Honeywell, Air India pact on runway safety

Show: India Aviation 2014 - Day 3

Honeywell Aerospace has signed a memorandum of understanding (MoU) with Air India enabling the airline to explore how Honeywell’s SmartRunway/ SmartLanding software upgrade can help it increase safety, improve pilot situational awareness and lower cockpit workload across its Boeing 777 fleet. The SmartRunway/SmartLanding upgrade helps mitigate runway accidents that cost the worldwide aviation industry $1 billion annually for injuries, damage, repairs and inspections.

“At Air India we are constantly looking for innovative ways to bring our passengers new levels of safety and comfort when they fly with us,” said A.K. Mathew, Executive Director of Engineering, Air India. “As we expand our network our pilots are required to fly into an ever-growing number of airports, many of which are continually changing in terms of layout. SmartRunway/ SmartLanding could make it easier for our pilots to navigate these airports regardless of visibility, and extend passenger safety even further in the process.”

Honeywell’s SmartRunway/SmartLanding system uses GPS location information and airport and object data stored in Honeywell’s enhanced ground proximity warning (EGPWS) database to determine if the aircraft is configured properly for landing, taxiing and take-off.This can dramatically reduce runway incursions, where collisions occur on the runway, or runway excursions, where aircraft accidentally leave the runway or enter a runway they are not approved for.

Under the terms of the agreement, Air India will trial SmartRunway/ SmartLanding for six months and share operational data with Honeywell to enable the two companies to examine the potential safety gains the airline would see if it deployed the software across its entire EGPWS-equipped B777 fleet. The software upgrade reduces crew workload as pilots spend less time orientating themselves, even in low visibility or at night. This is especially crucial as airlines grow their networks, train new pilots, ramp up traffic, and begin flying to new or rapidly developing airports.

Nearly 2,500 aircraft in service today already use Honeywell Smart- Runway and SmartLanding systems (including those using Honeywell’s Runway Awareness and Advisory System (RAAS) on which SmartRunway is based) to help reduce the risk of runway and landing incidents by monitoring for over 20 potential hazards. SmartLanding, which is primarily concerned with mitigating runway excursions, monitors for potentially unstable approaches, including if the aircraft is flying too high, too fast, has incorrect flap settings, long landings and accidental taxiway landings. SmartRunway mitigates runway incursions. It informs pilots which runway they are entering, confirms runway length, monitors for insufficient length remaining and can also perform flap checks to ensure proper aircraft configuration prior to take-off. Both support “heads-up” and “quiet cockpit” through aural and visual warnings.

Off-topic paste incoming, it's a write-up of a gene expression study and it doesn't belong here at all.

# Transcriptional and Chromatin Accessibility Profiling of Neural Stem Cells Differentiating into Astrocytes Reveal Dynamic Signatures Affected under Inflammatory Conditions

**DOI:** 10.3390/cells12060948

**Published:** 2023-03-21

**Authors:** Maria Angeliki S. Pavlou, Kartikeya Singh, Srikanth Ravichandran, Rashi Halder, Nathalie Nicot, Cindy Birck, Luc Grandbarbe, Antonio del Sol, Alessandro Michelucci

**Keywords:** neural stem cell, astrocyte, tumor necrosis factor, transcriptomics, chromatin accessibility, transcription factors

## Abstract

“Air India is looking for new ways to maximize the safety of its passengers by taking advantage of the safety systems its fleet already has in place,” said Pritam Bhavnani, President, Honeywell Aerospace India. “Because Smart- Runway/SmartLanding is a software upgrade, airlines can cost-effectively add new functionality to their EGPWS with no additional weight and minimal aircraft downtime and in doing so make operations safer - even at new, unfamiliar airports and in low visibility.”

Sasi Kancharla, Customer Business Leader, Air Transport and Regional Aerospace, India, said work on GBAS system was in progress at Chennai airport and it was likely to be commissioned this year. This would avoid holding time at airports and aircraft could take curved approach for landings. This system could be highly beneficial even in small airports as it ensured ‘landing assurance’.